Ida Harriet Carey was born at Taonui, near Feilding, on 3 October 1891, the daughter of Elizabeth Keeble and her husband, Richard Octavius Egerton Carey, a farmer. Although she painted from a young age, her first formal training was in music and she initially became a piano teacher. Around 1910 the family shifted to Tuhikaramea, near Hamilton. During the First World War Ida moved to Te Aroha, and by 1921 she was living at Matamata. That year she began painting seriously after the war artist Horace Moore-Jones saw her work and suggested she travel to Sydney to study under J. S. Watkins. This was the first of several trips she was to make to Sydney for tuition during the 1920s and 1930s. While there, Carey found herself accepted as a serious artist: in 1924 she was elected a member of the Royal Art Society of New South Wales and her work featured regularly in their exhibitions. A review of a 1929 exhibition in the Sydney Bulletin claimed that her ‘fresh and vivid’ portraiture caused the viewer ‘to take a sharp intake of breath’.
Carey’s reputation spread to New Zealand, and in 1926 she was commissioned by Bishop C. A. Cherrington to paint a triptych in oils for the altar of his private chapel at St Peter’s Cathedral, Hamilton. Her work was first exhibited by the New Zealand Academy of Fine Arts in 1928 and in 1932 several of her paintings were hung at the Canterbury Society of Arts’ annual exhibition. A review in Art in New Zealand said of one work, ‘Study’, that the ‘changes in tone…are exciting, and the drawing is deft’, but noted that some of her larger works suffered from technical defects. In 1937 Carey’s ‘Study’ was included in the Royal British Colonial Exhibition, London.
The following year she was persuaded by the New Zealand artist Frances Ellis to study under the Italian painter Antonio Dattilo Rubbo in Sydney; she stayed at his school for six months. Carey travelled to Britain and Europe twice during the 1950s, visiting major galleries and painting prolifically. Her most interesting work from this period is a series of candid portraits of well-known performers from the ballet and theatre in London.
Ida Carey paid for these trips through a series of mostly temporary or part-time art teaching positions; the first, in 1930, was as relieving art lecturer at Auckland Training College. From the mid 1930s she worked at several Hamilton secondary schools, including Hamilton High School, where she taught for 12 years and was a member of the permanent staff from 1945 to 1949. During this time, and after her retirement from teaching in 1969, she supplemented her income by taking private pupils.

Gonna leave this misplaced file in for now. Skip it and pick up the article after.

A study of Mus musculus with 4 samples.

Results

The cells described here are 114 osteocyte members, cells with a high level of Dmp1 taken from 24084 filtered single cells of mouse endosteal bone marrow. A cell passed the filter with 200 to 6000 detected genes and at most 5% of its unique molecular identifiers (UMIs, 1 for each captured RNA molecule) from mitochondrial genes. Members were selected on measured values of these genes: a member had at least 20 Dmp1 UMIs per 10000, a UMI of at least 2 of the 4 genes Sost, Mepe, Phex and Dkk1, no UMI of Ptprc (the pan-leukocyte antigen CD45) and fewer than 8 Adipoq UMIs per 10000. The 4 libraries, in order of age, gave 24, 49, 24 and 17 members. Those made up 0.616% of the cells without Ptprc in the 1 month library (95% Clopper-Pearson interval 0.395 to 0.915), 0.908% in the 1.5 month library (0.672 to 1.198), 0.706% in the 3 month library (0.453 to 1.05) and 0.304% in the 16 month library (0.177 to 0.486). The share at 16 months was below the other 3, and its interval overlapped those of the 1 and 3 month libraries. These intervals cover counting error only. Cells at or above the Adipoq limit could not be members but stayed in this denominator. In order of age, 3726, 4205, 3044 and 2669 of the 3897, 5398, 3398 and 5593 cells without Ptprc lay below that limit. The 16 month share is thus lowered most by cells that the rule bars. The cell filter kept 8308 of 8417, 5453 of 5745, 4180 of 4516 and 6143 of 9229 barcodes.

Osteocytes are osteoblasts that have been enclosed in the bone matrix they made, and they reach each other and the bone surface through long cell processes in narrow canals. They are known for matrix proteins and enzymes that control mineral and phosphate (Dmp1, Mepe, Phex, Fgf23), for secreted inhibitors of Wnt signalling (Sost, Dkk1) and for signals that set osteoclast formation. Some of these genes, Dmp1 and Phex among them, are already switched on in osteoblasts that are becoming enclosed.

In August 1934 Ida Carey and Adele Younghusband convened a public meeting in Hamilton which led to the establishment of the Waikato Society of Arts. Both women spoke of the need to develop and encourage artists in the region, and to bring local and national work to the general public through regular exhibitions. Carey’s involvement with the society was to last almost 50 years: she was president (1945–48 and 1952–54) and became a life member in 1964. As well as regularly exhibiting with the society she taught and encouraged other members.
In 1963 Carey was involved in a motor accident while driving home to Hamilton from Taupō. She broke her neck and spent three months at Waikato Hospital. Contacts made during her convalescence inspired her to start a new project: to find and paint every living Māori woman who had a moko. Although now in her 70s and unable to drive, Ida spent the next decade travelling around some of the most remote areas of the North Island tracking down her subjects, gaining their confidence and painting their portraits. Before receiving their permission she usually had to promise that the painting would not be sold, though she was allowed to make and sell copies. Many of the originals were deposited in local galleries and museums. One of the first works in this series, ‘Amohia Tuhua’, was joint winner of the 1968 Kelliher award for portraiture. Carey eventually completed over 100 portraits of what has been referred to as the ‘lost generation’, including many Māori women prominent in the early decades of the 20th century. This series proved very popular: solo exhibitions in 1981 and 1982 were said to have broken New Zealand records for the speed and quantity of paintings sold.
Ida Carey was a small woman with much warmth, humour and vitality, as well as great spiritual and physical tenacity. When failing health forced her to move from her Hamilton East residence of over 45 years into the Trevellyn Home and Hospital in 1980, the Waikato Art Museum catalogued and photographed 1,353 paintings piled up in stacks in her house. She continued to paint to the end of her life, her last works, mainly of other residents at Trevellyn, being executed with her left hand as her right became arthritic. The success of her exhibitions made her something of a celebrity and nurses had to protect her from over-eager fans and journalists. Ida Carey died at the Trevellyn home on 23 August 1982; she had never married.
Although it is for her Māori portraits that she is best known, critics have generally claimed that Ida Carey’s finest work was done in the 1920s and 1930s, and that much of her later work contains technical deficiencies, especially in her use of colour. This perhaps explains why she has been ignored in New Zealand art history literature. However, her significance both as an artist with great popular appeal and as a major contributor to the development of fine arts in Waikato cannot be denied.